Caregiver Reports of Sleep Problems in Non-Hispanic White, Hispanic, and African American Patients with Alzheimer Dementia

Department of Psychiatry and Public Health, Nova Southeastern University, Fort Lauderdale, FL, USA.
Journal of clinical sleep medicine: JCSM: official publication of the American Academy of Sleep Medicine (Impact Factor: 3.05). 06/2010; 6(3):281-9.
Source: PubMed


Sleep problems are common in persons with dementing illnesses and among the most stressful patient behaviors for caregivers. Although studies have shown differences in sleep across ethnic groups, little information is available on ethnic differences among persons with dementia. The purpose of this study was to investigate possible ethnic differences in sleep problems among patients with Alzheimer dementia.
Caregiver reports of 5 sleep- or circadian rhythm-related behavioral problems (behavior disturbance worse in the evening, difficulties falling asleep, frequent awakenings, early awakenings, and excessive daytime sleep) were evaluated in 395 patients who had received a diagnosis of Alzheimer disease after diagnostic evaluation. The average cognitive score of the groups suggested that they could be characterized as having moderately severe impairment. The frequency of sleep problems was then evaluated across subgroups defined by self-reported ethnicity (African American, Hispanic, and non-Hispanic white). As patient and caregiver characteristics may affect caregivers' reports of patients' behaviors, mixed effects regression models were used to adjust for patient and caregiver variables that might affect caregiver reports.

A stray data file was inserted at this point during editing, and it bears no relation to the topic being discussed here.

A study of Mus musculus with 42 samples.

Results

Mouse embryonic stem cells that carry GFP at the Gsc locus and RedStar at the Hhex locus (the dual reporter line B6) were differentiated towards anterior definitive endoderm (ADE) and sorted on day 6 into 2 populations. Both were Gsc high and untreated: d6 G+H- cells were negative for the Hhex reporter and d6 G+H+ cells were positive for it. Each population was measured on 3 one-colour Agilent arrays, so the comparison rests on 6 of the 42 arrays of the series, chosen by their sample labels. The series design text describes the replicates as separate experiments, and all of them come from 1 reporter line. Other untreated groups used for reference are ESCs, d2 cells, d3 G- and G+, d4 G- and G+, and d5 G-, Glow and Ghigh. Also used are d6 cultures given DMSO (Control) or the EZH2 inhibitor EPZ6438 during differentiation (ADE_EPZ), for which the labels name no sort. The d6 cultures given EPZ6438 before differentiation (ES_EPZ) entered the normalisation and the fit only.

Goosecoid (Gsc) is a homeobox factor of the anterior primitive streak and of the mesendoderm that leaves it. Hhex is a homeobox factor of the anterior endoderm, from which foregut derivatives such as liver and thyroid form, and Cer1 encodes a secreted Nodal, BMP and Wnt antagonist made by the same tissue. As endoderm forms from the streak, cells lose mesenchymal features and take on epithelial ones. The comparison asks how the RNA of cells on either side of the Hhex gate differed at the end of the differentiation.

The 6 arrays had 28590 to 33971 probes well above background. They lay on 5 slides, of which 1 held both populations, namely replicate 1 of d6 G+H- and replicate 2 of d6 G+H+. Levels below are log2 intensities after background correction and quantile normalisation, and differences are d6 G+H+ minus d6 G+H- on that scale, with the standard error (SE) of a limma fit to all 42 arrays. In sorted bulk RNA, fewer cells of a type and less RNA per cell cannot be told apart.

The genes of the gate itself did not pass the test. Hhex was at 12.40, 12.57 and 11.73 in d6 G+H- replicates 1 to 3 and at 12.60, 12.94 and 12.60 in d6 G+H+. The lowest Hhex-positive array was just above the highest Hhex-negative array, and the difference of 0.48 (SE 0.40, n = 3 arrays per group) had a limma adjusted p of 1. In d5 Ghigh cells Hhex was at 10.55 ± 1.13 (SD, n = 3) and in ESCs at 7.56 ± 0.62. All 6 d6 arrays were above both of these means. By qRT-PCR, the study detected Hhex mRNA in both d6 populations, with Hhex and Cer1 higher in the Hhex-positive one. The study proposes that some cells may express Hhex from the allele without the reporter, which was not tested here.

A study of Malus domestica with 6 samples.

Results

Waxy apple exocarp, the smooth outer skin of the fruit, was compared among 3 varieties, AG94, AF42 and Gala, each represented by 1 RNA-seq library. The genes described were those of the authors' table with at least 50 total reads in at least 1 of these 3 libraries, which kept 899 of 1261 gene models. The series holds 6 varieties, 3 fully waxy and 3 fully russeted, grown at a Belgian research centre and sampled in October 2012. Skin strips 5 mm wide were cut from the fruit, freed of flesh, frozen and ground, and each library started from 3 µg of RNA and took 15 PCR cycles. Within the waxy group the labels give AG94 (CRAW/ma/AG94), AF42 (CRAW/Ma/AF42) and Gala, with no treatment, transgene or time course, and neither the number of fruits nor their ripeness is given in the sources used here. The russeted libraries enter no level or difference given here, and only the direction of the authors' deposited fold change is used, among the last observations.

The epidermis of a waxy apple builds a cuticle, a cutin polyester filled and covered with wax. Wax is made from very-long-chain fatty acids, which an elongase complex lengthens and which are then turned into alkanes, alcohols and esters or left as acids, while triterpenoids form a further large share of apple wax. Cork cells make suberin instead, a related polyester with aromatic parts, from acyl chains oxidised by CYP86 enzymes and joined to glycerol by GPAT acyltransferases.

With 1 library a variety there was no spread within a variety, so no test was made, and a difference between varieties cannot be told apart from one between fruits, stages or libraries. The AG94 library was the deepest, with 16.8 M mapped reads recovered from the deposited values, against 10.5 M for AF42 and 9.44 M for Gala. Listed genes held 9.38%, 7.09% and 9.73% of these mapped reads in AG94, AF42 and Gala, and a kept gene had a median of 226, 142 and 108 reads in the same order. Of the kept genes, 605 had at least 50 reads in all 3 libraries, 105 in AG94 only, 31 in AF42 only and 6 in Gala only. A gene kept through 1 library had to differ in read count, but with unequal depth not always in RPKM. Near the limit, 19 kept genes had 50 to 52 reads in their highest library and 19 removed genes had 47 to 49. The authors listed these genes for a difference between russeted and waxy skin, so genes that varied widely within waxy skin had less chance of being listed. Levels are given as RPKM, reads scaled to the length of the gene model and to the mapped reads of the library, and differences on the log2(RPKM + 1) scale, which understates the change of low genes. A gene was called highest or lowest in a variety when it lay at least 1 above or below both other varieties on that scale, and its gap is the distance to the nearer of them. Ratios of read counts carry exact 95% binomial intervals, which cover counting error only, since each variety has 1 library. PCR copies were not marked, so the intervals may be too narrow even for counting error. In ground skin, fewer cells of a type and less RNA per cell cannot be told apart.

Analyses revealed ethnic differences in sleep or circadian rhythm disturbances. African American and Hispanic patients were reported to have more severe sleep disturbances than non-Hispanic whites. After correction for patient and caregiver variables that might have affected caregiver reports, differences between African Americans and others remained.
Sleep problems in patients with dementing illnesses are reported by caregivers with differing frequencies across groups of African Americans, Hispanics, and non-Hispanic whites. Clinicians should be aware of these differences in assessing sleep disturbance in patients with dementia as well as the potential effects of patient and caregiver variables on reports of these problems.